Palestinian prisoner Samer Issawi to end hunger strike
Israel says it has reached a deal with a Palestinian prisoner to end a hunger strike in return for a reduction in the amount of time he faces in jail.
Under the agreement, Samer Issawi will be released at the end of the year.
Issawi had faced the prospect of serving an entire 26-year sentence originally imposed in 2002.
He was jailed for shooting attacks on Israeli vehicles, released in a prisoner exchange and later rearrested for violating the terms of his release.
Members of his family travelled to the jail where he has been refusing food to tell him that he could now end his protest.
Issawi had been among a group of hundreds of prisoners released in October 2011 in exchange for Israeli soldier Gilad Shalit, who had been held in Gaza by the Islamist group, Hamas, since 2006.
He was re-arrested nine months later and in August 2012 he launched a hunger strike in protest at his renewed detention.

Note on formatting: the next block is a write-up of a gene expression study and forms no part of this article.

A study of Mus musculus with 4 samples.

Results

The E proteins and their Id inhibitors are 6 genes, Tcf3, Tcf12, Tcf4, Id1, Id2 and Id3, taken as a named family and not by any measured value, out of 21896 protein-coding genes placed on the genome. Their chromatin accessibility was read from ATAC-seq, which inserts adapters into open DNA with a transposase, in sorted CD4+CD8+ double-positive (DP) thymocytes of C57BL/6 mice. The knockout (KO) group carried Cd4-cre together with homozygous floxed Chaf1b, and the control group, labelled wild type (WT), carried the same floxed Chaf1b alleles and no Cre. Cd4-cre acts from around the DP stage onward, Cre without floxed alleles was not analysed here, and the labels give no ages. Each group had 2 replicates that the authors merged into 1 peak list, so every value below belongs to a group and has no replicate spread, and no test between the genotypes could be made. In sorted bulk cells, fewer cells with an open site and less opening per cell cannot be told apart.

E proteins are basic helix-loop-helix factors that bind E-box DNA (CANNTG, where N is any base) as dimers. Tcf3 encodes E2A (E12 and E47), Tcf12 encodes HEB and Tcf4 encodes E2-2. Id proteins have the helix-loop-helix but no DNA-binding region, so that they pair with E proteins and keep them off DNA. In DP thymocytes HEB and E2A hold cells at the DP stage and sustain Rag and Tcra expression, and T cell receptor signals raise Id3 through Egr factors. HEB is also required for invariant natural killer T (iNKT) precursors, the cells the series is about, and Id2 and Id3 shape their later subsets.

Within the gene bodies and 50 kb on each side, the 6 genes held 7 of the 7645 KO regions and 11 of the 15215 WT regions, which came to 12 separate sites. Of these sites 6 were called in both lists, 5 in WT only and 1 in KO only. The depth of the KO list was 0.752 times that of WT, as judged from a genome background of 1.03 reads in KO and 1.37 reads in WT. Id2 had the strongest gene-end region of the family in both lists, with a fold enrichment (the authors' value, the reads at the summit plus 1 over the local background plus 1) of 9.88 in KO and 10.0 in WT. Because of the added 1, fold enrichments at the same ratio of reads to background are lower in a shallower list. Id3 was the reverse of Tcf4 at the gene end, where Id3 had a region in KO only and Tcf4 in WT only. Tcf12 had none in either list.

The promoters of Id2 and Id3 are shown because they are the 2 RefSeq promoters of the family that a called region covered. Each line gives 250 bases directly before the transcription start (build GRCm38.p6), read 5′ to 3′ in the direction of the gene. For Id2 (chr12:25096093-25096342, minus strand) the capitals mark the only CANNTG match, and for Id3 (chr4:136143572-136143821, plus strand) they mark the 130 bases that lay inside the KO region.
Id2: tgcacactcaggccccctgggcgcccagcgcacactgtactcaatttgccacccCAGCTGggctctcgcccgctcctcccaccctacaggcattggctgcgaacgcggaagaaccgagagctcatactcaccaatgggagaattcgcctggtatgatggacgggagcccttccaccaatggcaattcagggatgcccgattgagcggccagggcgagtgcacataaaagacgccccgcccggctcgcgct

For most of his strike, he took only water as well as vitamins, minerals and sugars. He rapidly lost weight and his lawyer said doctors had warned him that his life was in imminent danger.
A statement from the Israeli military said: "An agreement has been reached, in which Samer Issawi will serve 17-and-a-half months, starting from the day of his arrest for the violation of the conditions of his release".
The head of the Palestinian Prisoners' Club, Qadura Fares, confirmed to the BBC that Issawi's sister and lawyer signed the deal.
There have been widespread demonstrations in the West Bank and Gaza Strip in recent weeks to show support for Palestinian prisoners, widely seen as heroes of the national cause despite their offences.
Two Palestinians held in administrative detention in an Israeli jail ended their hunger strike in February after a military court hearing.
Administrative detention is a system under which a military court can order suspects to be detained indefinitely, subject to renewal every six months by the court, without trial or charge.
The Israeli military says it uses administrative detention when it fears an immediate risk to security or to protect informants.